A fundraising colouring book is slated for release in September, but people can take a look now at the drawings used to create it.
The “Colour Yorklands Exhibit” is on display at the East End Library on Starwood Drive, near the former Guelph reformatory lands it seeks to protect, until the end of the month.
The exhibit features black and white drawings created by artist Irene Hanuta that will be used in the colouring book known as “Colour Yorklands,” as well as stories of the property intended to highlight the property’s beauty and history. It also includes versions coloured by Hanuta.
“The drawings are not heavily outlined shapes to just colour in, but are designed so that each person who colours can add details and textures to turn it into a creation uniquely their own,” Hanuta said via email. “You can think of it as an adult colouring book, but I would be interested to see how children who love to draw and colour would colour the drawings.”
The exhibit launched on July 3.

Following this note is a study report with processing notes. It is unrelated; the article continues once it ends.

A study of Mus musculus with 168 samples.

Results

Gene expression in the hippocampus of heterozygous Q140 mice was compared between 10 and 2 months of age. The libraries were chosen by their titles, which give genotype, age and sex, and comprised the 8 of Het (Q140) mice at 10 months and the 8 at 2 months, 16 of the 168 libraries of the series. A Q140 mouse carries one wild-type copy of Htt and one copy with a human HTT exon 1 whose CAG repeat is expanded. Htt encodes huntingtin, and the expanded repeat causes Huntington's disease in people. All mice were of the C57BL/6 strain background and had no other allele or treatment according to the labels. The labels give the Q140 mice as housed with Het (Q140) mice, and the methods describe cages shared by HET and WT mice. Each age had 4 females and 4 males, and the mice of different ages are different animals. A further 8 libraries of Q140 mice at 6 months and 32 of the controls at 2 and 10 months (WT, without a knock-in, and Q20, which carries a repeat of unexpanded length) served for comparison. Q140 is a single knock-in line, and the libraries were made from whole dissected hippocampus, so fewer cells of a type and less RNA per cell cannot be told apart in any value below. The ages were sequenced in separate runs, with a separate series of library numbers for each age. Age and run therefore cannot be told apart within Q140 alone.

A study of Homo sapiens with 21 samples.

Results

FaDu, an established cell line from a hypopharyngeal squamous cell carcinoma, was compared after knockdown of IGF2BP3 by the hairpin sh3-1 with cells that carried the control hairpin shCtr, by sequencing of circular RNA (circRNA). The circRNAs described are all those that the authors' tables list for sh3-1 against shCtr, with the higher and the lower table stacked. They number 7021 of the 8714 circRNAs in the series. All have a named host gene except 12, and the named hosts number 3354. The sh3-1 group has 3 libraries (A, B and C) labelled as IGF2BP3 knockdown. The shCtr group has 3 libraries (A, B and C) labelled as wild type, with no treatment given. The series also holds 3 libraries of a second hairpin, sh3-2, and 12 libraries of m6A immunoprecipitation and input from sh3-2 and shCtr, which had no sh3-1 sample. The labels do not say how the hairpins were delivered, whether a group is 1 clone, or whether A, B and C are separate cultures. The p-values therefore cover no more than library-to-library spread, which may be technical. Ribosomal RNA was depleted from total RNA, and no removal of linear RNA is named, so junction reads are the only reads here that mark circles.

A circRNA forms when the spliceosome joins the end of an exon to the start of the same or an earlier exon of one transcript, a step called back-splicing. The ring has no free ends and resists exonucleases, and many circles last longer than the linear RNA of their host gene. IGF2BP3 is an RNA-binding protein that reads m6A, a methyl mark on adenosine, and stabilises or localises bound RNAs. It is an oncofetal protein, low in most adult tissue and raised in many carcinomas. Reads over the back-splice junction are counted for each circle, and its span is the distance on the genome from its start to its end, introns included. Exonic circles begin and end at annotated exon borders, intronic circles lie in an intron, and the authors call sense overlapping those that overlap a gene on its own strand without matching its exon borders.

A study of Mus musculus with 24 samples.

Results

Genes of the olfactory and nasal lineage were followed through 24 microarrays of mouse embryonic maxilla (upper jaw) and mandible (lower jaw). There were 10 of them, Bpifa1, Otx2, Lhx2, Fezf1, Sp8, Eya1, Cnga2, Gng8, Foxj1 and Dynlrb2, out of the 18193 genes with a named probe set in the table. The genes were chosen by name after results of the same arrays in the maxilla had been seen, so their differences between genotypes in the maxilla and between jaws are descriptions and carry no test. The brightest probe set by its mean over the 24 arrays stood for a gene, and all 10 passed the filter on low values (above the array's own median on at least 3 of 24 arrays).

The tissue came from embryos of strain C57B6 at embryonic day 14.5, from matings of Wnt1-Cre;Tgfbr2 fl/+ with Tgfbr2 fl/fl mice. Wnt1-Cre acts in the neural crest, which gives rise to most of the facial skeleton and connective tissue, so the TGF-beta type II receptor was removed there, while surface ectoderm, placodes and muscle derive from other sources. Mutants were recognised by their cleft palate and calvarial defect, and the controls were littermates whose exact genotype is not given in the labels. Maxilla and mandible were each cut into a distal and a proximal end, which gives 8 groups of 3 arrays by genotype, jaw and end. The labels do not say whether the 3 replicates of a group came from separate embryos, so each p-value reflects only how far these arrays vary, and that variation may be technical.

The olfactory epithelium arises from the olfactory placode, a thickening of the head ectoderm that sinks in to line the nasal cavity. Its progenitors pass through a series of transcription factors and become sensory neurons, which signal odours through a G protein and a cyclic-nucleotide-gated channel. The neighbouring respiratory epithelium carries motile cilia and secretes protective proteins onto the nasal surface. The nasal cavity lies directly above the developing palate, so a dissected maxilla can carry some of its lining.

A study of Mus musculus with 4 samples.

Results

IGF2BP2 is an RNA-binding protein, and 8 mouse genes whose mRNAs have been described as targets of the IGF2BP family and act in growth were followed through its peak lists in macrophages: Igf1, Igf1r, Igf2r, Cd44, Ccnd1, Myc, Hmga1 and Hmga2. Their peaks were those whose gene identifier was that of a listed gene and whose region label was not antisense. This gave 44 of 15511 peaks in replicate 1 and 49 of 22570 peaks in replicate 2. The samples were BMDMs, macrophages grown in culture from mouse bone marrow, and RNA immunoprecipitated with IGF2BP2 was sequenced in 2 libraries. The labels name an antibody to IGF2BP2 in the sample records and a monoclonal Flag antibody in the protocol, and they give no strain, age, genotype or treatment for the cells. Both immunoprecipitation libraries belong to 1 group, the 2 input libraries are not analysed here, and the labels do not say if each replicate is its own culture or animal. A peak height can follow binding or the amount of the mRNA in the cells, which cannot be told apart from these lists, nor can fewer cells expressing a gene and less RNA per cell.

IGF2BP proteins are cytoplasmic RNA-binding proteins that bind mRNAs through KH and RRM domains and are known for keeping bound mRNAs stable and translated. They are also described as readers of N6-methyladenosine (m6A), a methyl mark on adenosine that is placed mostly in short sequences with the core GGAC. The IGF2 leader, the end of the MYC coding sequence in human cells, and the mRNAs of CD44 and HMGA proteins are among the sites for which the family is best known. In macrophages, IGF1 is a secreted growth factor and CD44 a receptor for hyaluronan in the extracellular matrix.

Hanuta created the drawings based on photos she’s taken at the site as well as from memories of the many walks she’s taken through the property.
All proceeds from colouring book sales will go toward supporting Yorklands Green Hub’s (YGH) vision for the provincially owned property – creation of an interactive sustainable environments centre with community programming, along with preservation of streams, ponds, meadows and trails.
The book is expected to be released in September, but pre-orders are being taken now at a discounted price. To pre-order a copy, visit yorklandsgreenhub.
“I believe in the potential of the vision which YGH has been trying to make a reality,” said Hanuta, who is joined by fellow volunteers Patricia Beader (graphic design) and Katherine Elliot (text) in creating the book. “I want to see it become real.”
For more information about the colouring book or YGH’s ideas for the property, visit www.yorklandsgreenhub.ca.
With plans to sell the property, provincial officials asked the city to begin the process of heritage designation of the former Guelph reformatory property. Last month, city council agreed to protect numerous aspects of the property through a series of Part IV designations under the Ontario Heritage Act, as well as launch a study that could lead to a more comprehensive designation under Part V of the act.